Elio Fiorucci - ShoesandDrama.com
Ted Baker KSA

Elio Fiorucci

Commemorating 80 years of pure fashion genius, the vibrant and full of life designer, Elio Fiorucci. Passing away on July 20 2015, leaving the fashion industry vapid and black. 

Elio Fiorucci was born in Milan on June 10 1935.  His flair for spotting trends became apparent in 1962, however, when he came up with the idea of making galoshes in bright primary colours and persuaded a local fashion magazine to do a feature on them. They caused a sensation and soon sold out.

His father ran a shoe shop, where Elio began work after leaving school aged 14. “I was the ugly duckling,” he recalled. “I couldn’t bear [school’s] constrictions, its arid atmosphere. I was a great disappointment to my father.”

Five years later, in 1967, Fiorucci opened his own shop on Galleria Passarella in Milan, where he began by selling fashions by designers such as Ossie Clark and Zandra Rhodes, before developing his own designs, combining the playful spirit of Carnaby Street fashion with Italian taste and tailoring. Stores on the King’s Road in London and in New York followed.

Elio Fiorucci seated in his showroom

Fiorucci in his shop in Galleria Passarella in 1970 (Mondadori)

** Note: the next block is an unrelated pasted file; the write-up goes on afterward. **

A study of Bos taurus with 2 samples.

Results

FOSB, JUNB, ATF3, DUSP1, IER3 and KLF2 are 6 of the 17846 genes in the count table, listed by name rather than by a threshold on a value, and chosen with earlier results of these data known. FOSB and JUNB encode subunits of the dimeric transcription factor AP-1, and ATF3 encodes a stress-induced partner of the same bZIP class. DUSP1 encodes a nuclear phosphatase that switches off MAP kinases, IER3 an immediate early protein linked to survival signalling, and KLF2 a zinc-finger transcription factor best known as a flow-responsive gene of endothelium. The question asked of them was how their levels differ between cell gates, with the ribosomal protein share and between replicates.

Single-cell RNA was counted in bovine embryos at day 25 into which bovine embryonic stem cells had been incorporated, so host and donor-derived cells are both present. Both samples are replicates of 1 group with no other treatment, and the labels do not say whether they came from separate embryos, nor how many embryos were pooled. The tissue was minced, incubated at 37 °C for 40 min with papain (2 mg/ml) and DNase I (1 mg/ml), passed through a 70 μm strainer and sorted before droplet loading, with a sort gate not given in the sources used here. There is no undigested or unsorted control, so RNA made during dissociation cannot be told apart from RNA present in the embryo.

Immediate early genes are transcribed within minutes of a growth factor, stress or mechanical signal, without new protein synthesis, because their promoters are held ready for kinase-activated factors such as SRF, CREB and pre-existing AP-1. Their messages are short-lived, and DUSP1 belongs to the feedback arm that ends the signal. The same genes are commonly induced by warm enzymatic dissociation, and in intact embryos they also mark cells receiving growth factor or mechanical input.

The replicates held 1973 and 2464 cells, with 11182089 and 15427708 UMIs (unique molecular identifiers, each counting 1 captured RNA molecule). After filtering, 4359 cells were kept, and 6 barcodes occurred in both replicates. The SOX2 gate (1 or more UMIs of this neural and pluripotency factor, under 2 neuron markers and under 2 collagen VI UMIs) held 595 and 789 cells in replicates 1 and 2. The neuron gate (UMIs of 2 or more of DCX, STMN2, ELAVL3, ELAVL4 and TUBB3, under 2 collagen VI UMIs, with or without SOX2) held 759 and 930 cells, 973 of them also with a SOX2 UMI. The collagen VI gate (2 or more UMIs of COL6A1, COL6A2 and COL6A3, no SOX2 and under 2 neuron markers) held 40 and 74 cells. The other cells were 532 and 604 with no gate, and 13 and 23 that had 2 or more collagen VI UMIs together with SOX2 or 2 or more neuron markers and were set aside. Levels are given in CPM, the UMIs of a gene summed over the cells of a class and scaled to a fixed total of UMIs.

The clothes at Fiorucci were essentially restyled 1960s basics. Cowboy boots were made in gold Lurex, with higher heels. Button-down shirts were produced in DayGlo colours. But it was jeans that established Fiorucci on the international fashion scene. His were similar to Levi’s except they were skin-tight, sexy, brightly coloured and often made of vinyl. By the late 1970s he was selling more than 3 million pairs a year. In 1982, when Dupont invented Lycra, Fiorucci mixed it with denim, giving birth to the first stretch jeans.

Among other things Fiorucci introduced the monokini and thong from Brazil, causing controversy with the photographs of scantily-clad models used to advertise them. Glass beads from New Mexico, Afghan coats and leopard-skin prints were other hits.

When business was slow the management would select two of the best-looking young employees, dress them up in outlandish outfits, hand them Fiorucci shopping bags and tell them to walk around the streets of Manhattan, talking excitedly about how they had just been shopping at the most amazing store. In Fiorucci: The Book (1980), Eve Babitz described one such pair:

“One is wearing fake snakeskin cowboy boots dyed pale yellow, pale yellow cotton shorts with little strawberries embroidered on them … and … a demure little Swiss-girl smocked cotton blouse in palest aqua. Her colleague is wearing an outfit of scarlet zebra-skin fabric that looks like it’s made out of reconstituted plastic wrappers … Both girls wear the exact same shade of lipstick: Fresh Blood.’’

What Fiorucci achieved, Eve Babitz summarised, was “to capture a kind of international ideal of teenage promise and bottle it”. 

“He wears the finest clothes, the best designers, heaven knows,” sang Sister Sledge on their 1979 disco anthem The Greatest Dancer: “Ooo, from his head down to his toes/ Halston, Gucci, Fiorucci, he looks like a still/ That man is dressed to kill.”